Effects of the Foster Care System

By Diksha Chavan ('22)


Photo courtesy of Wix

There are obvious, detrimental effects on children who are placed in the foster system.


The foster system is a government-run program that places children in different families, after being removed from their previous homes. They could be removed if Child Protective Services deems the home unsafe, abuse or neglect, domestic violence, and a variety of other reasons. Being in the foster system is supposed to be temporary, but many stay in the system for years on end.


When any child is removed from the home, it is traumatic to the child, even if the removal is necessary. They are being lifted up from their surroundings and placed in a completely new area, where they are forced to adapt at an already difficult time. They may face bullying, teasing, loss of friends, loss of sibling(s), and a change in school.


Psychologist Nilesh Chavan said, “When a foster child faces multiple moves, they are being taken out of their surroundings and being forced to adapt to the new changes constantly. This can make them closed off, or even [cause them] resort to unhealthy habits to make friends.”


All of these effects of being placed in foster care, can create a distraught child that is emotionally and physically fragile.


First off, many children have severe mental trauma from their previous homes and have serious mental illnesses when they are in their new family. Almost 80 percent of foster youth have a mental illness, and according to many organizations such as The American Academy of Pediatrics say that mental health care is the issue that is the least met.


Their mental health is an issue that will affect them now, as well as in the future. A study shows that those who age out of the foster system, after the age of 18, have a higher chance of getting/retaining a mental illness. 54% of those who age out have some sort of mental illness.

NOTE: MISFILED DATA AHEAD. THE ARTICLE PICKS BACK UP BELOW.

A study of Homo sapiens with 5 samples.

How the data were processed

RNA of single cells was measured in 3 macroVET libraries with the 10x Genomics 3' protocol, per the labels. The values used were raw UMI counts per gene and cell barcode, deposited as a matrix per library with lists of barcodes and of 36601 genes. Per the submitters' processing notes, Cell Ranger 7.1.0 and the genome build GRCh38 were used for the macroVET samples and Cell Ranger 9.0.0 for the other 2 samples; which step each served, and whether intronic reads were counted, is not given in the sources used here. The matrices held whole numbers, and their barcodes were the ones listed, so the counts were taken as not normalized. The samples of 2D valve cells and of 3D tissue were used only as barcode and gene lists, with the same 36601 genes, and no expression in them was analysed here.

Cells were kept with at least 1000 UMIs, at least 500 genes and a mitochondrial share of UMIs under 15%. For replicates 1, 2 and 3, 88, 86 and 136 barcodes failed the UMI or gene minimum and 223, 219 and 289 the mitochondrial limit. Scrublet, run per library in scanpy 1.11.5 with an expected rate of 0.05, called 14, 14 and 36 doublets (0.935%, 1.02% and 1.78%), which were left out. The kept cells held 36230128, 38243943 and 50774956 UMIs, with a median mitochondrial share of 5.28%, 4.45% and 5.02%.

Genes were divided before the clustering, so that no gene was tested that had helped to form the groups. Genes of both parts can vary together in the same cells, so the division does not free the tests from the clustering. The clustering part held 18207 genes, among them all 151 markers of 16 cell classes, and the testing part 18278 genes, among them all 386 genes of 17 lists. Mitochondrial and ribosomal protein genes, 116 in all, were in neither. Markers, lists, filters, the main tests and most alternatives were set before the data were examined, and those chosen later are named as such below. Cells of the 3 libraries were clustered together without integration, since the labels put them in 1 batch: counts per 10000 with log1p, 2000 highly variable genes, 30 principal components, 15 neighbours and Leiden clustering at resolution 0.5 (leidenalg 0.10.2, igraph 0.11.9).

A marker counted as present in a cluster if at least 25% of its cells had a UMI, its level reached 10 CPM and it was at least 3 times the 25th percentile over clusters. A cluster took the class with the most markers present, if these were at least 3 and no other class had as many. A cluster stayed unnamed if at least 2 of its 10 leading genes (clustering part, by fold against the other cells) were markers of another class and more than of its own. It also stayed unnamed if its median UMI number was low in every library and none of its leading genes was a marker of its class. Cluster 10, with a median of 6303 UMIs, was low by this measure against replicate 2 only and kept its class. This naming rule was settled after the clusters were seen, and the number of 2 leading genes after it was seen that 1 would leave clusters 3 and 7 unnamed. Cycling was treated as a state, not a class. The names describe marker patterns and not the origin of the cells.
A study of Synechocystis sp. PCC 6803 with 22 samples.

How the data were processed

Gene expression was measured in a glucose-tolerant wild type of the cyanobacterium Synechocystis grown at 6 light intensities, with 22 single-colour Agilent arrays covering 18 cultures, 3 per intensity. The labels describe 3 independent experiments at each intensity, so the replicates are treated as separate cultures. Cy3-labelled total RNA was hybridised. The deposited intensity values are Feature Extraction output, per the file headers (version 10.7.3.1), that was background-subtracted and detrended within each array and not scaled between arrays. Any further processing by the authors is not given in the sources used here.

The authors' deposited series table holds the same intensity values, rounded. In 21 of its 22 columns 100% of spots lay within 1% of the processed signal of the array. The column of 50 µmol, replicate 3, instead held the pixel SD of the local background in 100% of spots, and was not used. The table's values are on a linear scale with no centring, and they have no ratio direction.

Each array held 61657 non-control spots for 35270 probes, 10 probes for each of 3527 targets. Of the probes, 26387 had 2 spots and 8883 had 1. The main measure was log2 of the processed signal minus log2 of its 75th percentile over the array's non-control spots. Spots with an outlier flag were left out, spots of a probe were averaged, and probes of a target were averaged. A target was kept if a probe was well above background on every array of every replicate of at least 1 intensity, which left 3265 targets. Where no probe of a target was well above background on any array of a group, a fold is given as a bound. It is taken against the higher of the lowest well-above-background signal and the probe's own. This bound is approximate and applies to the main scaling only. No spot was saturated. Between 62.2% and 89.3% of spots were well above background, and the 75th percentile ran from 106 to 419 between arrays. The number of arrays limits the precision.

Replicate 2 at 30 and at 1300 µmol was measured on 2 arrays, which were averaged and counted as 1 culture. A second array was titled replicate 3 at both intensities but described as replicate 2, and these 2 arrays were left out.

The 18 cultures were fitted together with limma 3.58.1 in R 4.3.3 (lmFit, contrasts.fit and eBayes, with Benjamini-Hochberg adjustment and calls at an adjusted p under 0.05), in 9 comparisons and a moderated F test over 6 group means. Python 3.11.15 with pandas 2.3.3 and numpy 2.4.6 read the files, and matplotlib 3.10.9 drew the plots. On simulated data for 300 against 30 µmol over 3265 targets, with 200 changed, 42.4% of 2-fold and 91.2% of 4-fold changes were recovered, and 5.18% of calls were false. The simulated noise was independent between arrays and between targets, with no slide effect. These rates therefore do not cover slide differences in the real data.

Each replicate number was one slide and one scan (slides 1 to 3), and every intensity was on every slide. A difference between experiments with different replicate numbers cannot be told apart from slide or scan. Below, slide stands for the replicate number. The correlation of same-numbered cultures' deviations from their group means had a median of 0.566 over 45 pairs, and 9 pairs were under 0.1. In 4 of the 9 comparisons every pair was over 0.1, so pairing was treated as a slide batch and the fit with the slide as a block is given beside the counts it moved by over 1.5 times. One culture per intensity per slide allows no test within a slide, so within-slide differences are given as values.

Many suffer from post traumatic stress syndrome (PTSD), depression and eating disorders and these factors can affect every aspect of their life. This includes, friends, relationships, getting a job, and their education too.


Many children’s physical health is also at risk while they are in the foster system. Compared to the general population, kids in foster care are three times as likely to have a hearing and/or vision problem and twice as likely to suffer from asthma and speech problems.


In addition, since they tend to be placed in poorer homes, kids in the foster care system are more likely to have a medical diagnosis that went unreported because they had not seen a physician.


When they finally leave the foster care system, it has been discovered that there is: a 54% chance of significant mental health problems, a 30% chance of some kind of medical issues, a 19%-37% chance of being unemployed, and a 22%-36% chance of being homeless only a short time after leaving the system.


The foster system is setting up these children for failure, and the kids are suffering. Rather than protecting these children, they are sacrificing their health for nothing.


Dr. Chavan said, “The point of the foster system is to protect, not harm. If America does not change this system, these children will not be as successful as they possibly can.”